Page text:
Project on Cultivating Better Asia-Pacific Nuclear Governance

Project duration

June 2016 - December 2017

Project staff

Principal investigator: Dr Trevor Findlay, Senior Research Fellow, School of Social and Political Sciences, University of Melbourne
Research Assistants: Anthony Heath, Jenna Parker, Zhongzhou Peng


The Carnegie Corporation of New York


Nuclear governance in the Asia-Pacific region is currently ad hoc, patchy and largely uncoordinated. This is unsustainable given that economic growth across the Asia-Pacific is leading to greater use of nuclear materials and radioactive sources and in some countries a renewed interest in nuclear energy for electricity generation. For the legacy nuclear energy programs in Northeast Asia the problem of nuclear waste and spent fuel is being poorly addressed. Continuing reprocessing and enrichment programs will produce more waste and nuclear transport. Small island states in the South Pacific are vulnerable to trafficking and other illicit activities.

Although there have been many attempts over the years to strengthen nuclear governance in the region, these invariably encounter roadblocks that stymie real progress and often result in cosmetic or temporary changes. Some of these blockages are strategic (notably the fraught relationship between Japan and its neighbours), some are cultural (differing attitudes towards governance and regulation) and some are technical (the vastly different nuclear capacities, plans and interests of states).

But mostly the lack of progress is due to a lack of political support for strengthening governance due to concerns about protecting states’ sovereignty and economic interests. In some cases this is compounded by a lack of awareness of the threat of nuclear terrorism and other risks associated with the use of nuclear energy. There has been little policy-oriented research on Asia-Pacific nuclear governance that is comprehensive – covering safety, safeguards, security and peaceful uses – and which seeks to identify systematically what the roadblocks to progress are and how these might be removed. This project sought to begin filling this gap.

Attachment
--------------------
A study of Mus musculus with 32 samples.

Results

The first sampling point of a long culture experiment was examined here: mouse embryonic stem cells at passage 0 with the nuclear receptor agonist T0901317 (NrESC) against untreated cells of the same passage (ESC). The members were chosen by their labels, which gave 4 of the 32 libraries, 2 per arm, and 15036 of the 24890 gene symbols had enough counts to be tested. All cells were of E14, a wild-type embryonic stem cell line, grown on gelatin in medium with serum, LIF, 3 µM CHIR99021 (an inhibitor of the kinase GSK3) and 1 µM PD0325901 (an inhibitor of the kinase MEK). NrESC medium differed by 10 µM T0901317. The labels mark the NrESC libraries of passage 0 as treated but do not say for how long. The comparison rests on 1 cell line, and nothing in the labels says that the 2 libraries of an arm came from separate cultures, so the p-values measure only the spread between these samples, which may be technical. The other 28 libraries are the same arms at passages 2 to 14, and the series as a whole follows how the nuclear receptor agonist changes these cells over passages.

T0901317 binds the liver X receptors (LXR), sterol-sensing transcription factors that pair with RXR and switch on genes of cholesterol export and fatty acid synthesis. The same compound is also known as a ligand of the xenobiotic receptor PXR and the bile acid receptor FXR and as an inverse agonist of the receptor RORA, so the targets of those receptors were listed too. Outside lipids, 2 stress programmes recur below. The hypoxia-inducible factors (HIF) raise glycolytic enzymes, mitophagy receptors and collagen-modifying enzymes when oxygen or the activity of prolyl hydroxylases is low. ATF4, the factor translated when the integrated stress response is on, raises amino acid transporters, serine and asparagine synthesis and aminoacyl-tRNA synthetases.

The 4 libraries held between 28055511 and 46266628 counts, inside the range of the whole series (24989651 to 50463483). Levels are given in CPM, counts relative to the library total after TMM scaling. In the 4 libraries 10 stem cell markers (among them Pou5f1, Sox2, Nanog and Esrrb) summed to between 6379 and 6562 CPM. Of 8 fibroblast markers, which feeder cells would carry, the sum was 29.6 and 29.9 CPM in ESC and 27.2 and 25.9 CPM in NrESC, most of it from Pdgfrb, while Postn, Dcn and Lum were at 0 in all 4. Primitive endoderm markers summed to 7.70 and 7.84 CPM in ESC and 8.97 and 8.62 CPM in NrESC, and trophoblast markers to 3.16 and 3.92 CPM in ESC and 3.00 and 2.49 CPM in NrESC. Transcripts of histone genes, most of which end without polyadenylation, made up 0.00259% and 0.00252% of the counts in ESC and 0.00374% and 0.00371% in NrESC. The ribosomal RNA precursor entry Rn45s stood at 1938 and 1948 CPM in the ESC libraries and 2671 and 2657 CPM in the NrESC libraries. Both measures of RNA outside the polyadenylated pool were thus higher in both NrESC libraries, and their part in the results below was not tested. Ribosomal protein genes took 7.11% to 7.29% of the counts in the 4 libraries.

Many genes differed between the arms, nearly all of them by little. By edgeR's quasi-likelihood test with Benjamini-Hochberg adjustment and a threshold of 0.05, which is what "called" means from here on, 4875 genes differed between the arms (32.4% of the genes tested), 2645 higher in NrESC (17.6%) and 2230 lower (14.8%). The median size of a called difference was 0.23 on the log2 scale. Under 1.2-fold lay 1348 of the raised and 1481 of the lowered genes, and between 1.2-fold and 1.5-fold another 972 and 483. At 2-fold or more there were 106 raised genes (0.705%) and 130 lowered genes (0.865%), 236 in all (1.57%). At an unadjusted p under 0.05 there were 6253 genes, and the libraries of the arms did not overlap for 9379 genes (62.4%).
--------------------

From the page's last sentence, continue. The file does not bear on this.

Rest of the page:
Goals of the project

  1. Survey the current extent of Asia-Pacific nuclear governance – the existing treaties, organisations, arrangements, networks and norms – as well as the region’s place within and contribution to global nuclear governance
  2. Seek to understand the strategic, political, cultural, managerial and technical obstacles to strengthening regional nuclear governance
  3. Assess the current and future capacity of governments, industry, civil society and academia to enhance and manage nuclear governance in the region; and
  4. Propose ways in which regional nuclear governance might be strengthened

Research methods

  1. Examine existing documentation and literature
  2. Engage with existing regional networks
  3. Consult widely with regional nuclear stakeholder states and relevant international organisations like the International Atomic Energy Agency (IAEA); and
  4. Convene a regional workshop to engender ideas for building regional nuclear governance

The workshop

The workshop was convened in cooperation with the Energy Studies Institute at the National University of Singapore on 9 March 2017, involving some 20 regional and extra-regional experts. See the workshop round-up (180kb Word docx) by Jenna Parker, program (230kb pdf), list of participants (80kb pdf) and key questions (80kb pdf) tackled.

The report

A two-part research report (part I; part II), Asia-Pacific Nuclear Governance Architecture and How to Strengthen It by Trevor Findlay, was published in June 2017 by the Asia-Pacific Leadership Network for Non-Proliferation and Disarmament (APLN). The report sets out the issues, surveys the existing nuclear governance system that applies in the Asia-Pacific, analyses the various roadblocks to strengthening it and makes proposals for how to proceed.

The survey

A unique, comprehensive survey (445kb pdf) of all Asia-Pacific organisations and arrangements involved in nuclear governance was launched in June 2017. It was compiled by Anthony Heath, Jenna Parker and Zhongzhou Peng. It will be continuously updated. We welcome comments and edit. Please email Zhongzhou Peng.

View the Survey

Other project activities

  • Presentation (950kb pdf) by Trevor Findlay on ‘Unleashing the Nuclear Watchdog: Strengthening and Reform of the IAEA’, Energy Studies Institute, National University of Singapore, 16 November 2016
  • Presentation by Trevor Findlay on ‘Asia-Pacific Nuclear Governance’, S. Rajaratnam School of International Studies, Nanyang Technological University, Singapore
  • Presentation (560kb pdf) by Trevor Findlay on ‘Asia-Pacific Nuclear Governance: Fragile, Fragmented but Fixable?’, 21 March 2017, at Belfer Center for Science and International Affairs, Harvard University


Funding for the project was provided by the Carnegie Corporation of New York.

The Energy Studies Institute, National University of Singapore, co-sponsored the 9 March workshop.

The School of Social and Political Sciences, University of Melbourne, housed the project and provides administrative support.